What is Free Look Period

A free look period is a period of time in which a new life insurance policy owner can terminate the policy without penalties, such as surrender charges. A free look period often lasts 10 or more days (depending on the insurer), allowing the contract holder to decide whether or not to keep it; if he or she is not satisfied and wishes to cancel, the policy purchaser can receive a full refund. Free look periods are most commonly associated with life insurance policies. In fact, all 50 states and the District of Columbia have laws requiring them for various types of life insurance policies.

BREAKING DOWN Free Look Period

During the free look period, the purchaser can continue to ask the insurer questions regarding the contract in order to better understand the policy. If refunded, the amount given back may equate to the value of the account at cancellation or the amount of payments, depending on the state in which the policy was written.

Intent of Free Look Period

The free look period is for the benefit of a policyholder. It provides additional time to review a new life insurance policy in depth, and have your agent, lawyer or company representative review your policy's terms and conditions with you. Once a policyholder is in receipt of a new life insurance policy, the free look period begins. If you decide to cancel the policy, you must notify your agent or company representative with your request(s).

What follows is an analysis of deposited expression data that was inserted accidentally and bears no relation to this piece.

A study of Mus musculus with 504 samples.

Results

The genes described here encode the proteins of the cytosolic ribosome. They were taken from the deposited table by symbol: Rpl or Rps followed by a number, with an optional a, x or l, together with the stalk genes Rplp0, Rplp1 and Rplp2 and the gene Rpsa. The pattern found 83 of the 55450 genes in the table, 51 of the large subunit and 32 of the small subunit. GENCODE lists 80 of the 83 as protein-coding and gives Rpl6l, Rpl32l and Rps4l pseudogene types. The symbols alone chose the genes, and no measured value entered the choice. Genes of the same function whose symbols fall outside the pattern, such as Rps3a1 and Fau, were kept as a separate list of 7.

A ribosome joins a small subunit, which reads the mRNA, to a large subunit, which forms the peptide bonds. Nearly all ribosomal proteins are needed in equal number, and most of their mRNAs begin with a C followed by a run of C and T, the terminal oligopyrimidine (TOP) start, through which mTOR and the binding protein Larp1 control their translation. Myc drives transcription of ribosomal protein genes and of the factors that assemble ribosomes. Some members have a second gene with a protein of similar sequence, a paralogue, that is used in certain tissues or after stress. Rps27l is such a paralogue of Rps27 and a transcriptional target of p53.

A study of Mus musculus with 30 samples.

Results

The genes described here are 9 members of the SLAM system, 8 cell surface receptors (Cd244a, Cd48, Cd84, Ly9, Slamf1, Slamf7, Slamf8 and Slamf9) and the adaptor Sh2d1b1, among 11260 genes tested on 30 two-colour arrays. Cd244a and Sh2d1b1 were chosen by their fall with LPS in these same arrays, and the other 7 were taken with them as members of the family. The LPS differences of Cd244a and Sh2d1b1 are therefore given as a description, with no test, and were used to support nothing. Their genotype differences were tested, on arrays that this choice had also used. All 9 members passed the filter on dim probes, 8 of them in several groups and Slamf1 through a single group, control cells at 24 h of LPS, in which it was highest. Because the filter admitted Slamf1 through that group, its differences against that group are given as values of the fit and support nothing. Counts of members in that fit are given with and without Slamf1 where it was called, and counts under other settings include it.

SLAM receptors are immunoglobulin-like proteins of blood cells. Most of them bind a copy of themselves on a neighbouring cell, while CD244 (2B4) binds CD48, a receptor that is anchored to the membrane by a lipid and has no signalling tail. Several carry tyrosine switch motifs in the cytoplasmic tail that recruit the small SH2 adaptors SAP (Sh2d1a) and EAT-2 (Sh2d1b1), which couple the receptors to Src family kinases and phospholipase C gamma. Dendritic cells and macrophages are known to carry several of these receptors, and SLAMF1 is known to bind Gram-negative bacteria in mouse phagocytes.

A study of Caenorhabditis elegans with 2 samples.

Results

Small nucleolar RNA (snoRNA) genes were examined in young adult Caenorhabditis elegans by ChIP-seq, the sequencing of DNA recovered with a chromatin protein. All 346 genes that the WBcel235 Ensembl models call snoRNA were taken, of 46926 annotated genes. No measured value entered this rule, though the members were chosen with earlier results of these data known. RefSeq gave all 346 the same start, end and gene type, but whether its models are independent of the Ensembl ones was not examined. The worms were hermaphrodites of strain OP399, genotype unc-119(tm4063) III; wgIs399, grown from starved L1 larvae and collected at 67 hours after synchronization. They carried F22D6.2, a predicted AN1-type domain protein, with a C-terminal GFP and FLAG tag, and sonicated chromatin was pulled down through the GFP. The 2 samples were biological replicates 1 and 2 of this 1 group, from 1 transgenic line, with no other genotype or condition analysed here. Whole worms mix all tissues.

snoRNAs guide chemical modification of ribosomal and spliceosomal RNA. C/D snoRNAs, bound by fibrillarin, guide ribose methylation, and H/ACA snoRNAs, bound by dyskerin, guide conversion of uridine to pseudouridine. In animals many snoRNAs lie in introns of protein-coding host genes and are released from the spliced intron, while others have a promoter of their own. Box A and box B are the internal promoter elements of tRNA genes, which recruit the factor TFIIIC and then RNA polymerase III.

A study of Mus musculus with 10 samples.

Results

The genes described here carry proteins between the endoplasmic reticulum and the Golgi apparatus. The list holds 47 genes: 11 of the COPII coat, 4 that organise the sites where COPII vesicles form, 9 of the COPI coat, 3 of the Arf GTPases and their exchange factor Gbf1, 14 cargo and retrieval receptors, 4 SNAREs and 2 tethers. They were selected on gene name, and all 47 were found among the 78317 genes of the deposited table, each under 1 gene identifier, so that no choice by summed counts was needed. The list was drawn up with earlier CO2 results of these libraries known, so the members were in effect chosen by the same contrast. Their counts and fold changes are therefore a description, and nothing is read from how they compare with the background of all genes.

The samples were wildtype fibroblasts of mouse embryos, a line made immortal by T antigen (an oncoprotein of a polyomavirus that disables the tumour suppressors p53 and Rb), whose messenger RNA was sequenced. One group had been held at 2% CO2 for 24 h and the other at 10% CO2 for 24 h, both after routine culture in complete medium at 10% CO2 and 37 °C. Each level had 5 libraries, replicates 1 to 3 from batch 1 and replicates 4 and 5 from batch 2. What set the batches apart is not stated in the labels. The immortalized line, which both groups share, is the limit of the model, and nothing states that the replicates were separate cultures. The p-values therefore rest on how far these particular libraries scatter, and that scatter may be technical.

History of Free Look Period

The U.S. life insurance industry was once very poorly regulated. Back in the 1930s and 1940s, the industry tended to attract unscrupulous characters. As a result, the whole life insurance industry got a bad reputation because of high-pressure tactics, badgering of customers and many disreputable, insolvent or even nonexistent insurance companies that never paid claims.

Luckily, the industry has vastly improve since those days. The negative reputation of the past forced the industry to reform its practices. State governments also got heavily involved with complaints about abusive sales strategies. They also responded with legislation, and that's how the free look period came into existence.

Free Look Period in Action

Let's say Robert, who lives in Texas, buys a variable life insurance policy from his local insurance agent. After signing up for the policy, Robert receives his executed policy documents in the mail two days later. Robert's free look period begins when he receives those documents, and in Texas, he has 10 days to review the policy and decide whether he wants to keep it.

Two days later, Robert brings his policy to his lawyer to review, and his lawyer advises him to cancel the policy and go with another insurer. Robert takes his lawyer's advice and advises his insurer the next day that he wants to cancel the policy. The insurer is obliged under law to comply with his wishes, and the insurer refunds Robert's initial premium payment.